Is Tawny Just a Dessert Wine? – New Ideas With Sweet Wine

Dessert: it’s universally acknowledged as the best meal of the day. Who could argue?

It’s also the most popular time to enjoy one of our most treasured wines: our beautiful tawny. Sweetness with sweetness: it’s tried and tested. But we want to rally against the idea that it’s just a dessert wine. And it’s more than just an accompaniment to cheese.

Our classic Old Oak Tawny, matured in French Oak

Although we really do set store in that combination: of wine and cheese. But there is something beyond that, and we think you’ll all agree. One of life’s beautiful pleasures is the pairing of wine and food. That’s why there is so much written about it, and that is why matched-wine degustations are so popular. But this exclusion of fortifieds in this mix doesn’t make sense to us: we’re convinced it’s a big mistake.

We know it’s possible and that it’s amazing: we did a whole five-course matched fortified dinner! 

Our menu featured such culinary delights such as Ravioli filled with Braised Lamb Shank, as well as Duck Terrine with Port Wine Jelly, Cornichons and Baguette. These were chosen to demonstrate Tawny’s value as a savoury ingredient, and tawny port’s value as an ingredient in fine savoury food. And to demonstrate that you can enjoy fortifieds in a similar way as you can table wine.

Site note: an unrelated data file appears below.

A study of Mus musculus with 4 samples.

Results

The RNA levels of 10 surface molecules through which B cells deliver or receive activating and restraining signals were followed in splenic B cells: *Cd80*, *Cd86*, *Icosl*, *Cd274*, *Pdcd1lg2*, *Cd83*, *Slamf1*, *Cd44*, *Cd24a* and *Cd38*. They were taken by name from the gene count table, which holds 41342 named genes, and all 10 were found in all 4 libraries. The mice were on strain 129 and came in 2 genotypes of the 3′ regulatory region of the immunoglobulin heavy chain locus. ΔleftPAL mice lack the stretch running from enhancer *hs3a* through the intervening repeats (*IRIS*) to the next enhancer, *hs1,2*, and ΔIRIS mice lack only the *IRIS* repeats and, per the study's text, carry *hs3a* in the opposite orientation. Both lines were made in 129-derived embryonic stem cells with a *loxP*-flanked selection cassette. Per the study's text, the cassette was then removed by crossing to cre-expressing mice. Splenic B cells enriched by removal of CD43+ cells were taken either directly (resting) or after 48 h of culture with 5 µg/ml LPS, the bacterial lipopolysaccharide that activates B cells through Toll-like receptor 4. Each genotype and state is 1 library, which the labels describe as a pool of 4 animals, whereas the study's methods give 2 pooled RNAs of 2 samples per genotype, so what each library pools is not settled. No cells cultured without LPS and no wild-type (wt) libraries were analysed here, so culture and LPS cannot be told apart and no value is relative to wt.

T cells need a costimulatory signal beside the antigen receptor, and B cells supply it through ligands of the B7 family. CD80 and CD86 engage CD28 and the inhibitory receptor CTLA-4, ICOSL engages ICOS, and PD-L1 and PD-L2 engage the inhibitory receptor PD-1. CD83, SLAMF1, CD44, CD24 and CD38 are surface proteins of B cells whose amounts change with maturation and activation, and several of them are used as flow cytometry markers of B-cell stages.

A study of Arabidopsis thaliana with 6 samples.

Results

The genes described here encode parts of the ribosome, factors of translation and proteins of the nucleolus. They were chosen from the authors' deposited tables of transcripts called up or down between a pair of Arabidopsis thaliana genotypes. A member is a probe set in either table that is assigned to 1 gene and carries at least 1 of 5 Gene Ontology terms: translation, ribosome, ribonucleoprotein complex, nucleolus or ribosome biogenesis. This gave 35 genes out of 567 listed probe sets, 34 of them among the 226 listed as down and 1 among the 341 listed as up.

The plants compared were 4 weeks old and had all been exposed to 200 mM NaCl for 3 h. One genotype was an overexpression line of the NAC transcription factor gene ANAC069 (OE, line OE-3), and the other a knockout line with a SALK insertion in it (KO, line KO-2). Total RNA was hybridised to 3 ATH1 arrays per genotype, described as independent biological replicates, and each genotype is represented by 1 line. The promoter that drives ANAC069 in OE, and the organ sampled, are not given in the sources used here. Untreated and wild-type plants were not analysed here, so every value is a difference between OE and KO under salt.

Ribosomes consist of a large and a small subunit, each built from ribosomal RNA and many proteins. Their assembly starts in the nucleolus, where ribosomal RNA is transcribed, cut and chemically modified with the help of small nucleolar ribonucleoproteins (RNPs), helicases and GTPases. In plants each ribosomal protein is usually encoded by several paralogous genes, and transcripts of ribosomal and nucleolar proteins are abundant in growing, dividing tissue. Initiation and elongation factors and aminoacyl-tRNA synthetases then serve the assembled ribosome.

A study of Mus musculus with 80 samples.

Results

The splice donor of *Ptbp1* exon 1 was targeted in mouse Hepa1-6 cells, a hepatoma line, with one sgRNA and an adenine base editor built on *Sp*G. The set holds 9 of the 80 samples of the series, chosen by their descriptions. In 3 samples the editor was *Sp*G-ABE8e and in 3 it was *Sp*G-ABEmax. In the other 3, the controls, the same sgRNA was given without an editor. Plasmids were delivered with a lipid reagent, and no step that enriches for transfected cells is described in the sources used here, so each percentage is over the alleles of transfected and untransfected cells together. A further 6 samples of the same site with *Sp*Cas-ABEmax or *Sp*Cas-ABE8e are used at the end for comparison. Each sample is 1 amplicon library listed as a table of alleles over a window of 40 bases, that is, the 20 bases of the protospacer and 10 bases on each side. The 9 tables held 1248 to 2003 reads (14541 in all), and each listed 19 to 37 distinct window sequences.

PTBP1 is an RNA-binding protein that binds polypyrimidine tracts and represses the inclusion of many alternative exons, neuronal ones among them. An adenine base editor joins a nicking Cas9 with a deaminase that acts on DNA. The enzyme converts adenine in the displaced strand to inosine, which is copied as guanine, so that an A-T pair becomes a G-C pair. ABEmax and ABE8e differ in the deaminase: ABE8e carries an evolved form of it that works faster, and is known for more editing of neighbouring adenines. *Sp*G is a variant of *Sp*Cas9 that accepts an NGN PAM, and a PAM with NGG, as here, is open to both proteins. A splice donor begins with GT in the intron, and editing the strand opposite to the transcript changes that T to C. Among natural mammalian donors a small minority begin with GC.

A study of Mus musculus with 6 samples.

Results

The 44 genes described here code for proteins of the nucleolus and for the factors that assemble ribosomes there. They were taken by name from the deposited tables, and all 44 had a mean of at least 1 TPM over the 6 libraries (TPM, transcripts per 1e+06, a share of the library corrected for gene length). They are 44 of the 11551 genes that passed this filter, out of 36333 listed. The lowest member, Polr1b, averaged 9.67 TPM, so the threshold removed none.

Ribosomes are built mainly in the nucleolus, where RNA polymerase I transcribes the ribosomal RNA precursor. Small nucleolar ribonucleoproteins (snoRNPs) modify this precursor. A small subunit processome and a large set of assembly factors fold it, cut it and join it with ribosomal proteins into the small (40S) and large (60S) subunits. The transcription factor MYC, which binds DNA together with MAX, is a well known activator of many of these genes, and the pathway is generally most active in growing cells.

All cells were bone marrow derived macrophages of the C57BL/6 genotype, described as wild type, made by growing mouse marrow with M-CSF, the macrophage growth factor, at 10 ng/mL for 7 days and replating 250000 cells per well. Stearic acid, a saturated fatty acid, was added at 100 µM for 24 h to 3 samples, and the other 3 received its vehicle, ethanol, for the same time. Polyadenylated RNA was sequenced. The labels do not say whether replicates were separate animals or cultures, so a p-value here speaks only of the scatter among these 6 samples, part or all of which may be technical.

But you don’t need to be a sommelier or a world-class chef to get this right. Cooking can be kept to a minimum.

Shop our sweet and fruity white fortified

Red meat is a popular accompaniment. You’ve probably seen a port wine jus on a menu before – served with a rare steak. Or port used in a marinade or stew. Red meat, red Tawny – perfect match!

Our white fortified has serious untapped matching potential, too. The partnership here might be obvious, but they’re delicious. It’s here that you’ll find white meats, like fish and seafood paired. If you’re brave and have a special occasion, lobster is a great partner. If you’re just starting your evening, lightly chilled white port and salted, hand cut crisps come highly recommended.

Again, if you’re not much of a chef, you might find yourself relying on the good old cheese platter.

If you are pairing Tawny with cheese, strong cheeses like Stilton are the norm. Think Gorgonzola, Roquefort, Blue d’Auvergne… Salty, strong cheeses, too, are exceptional. Parmigiano Reggiano is a particular favourite.

Aperitif, Main Course accompaniment, single ingredient…

We hope you don’t still think it’s just a dessert wine.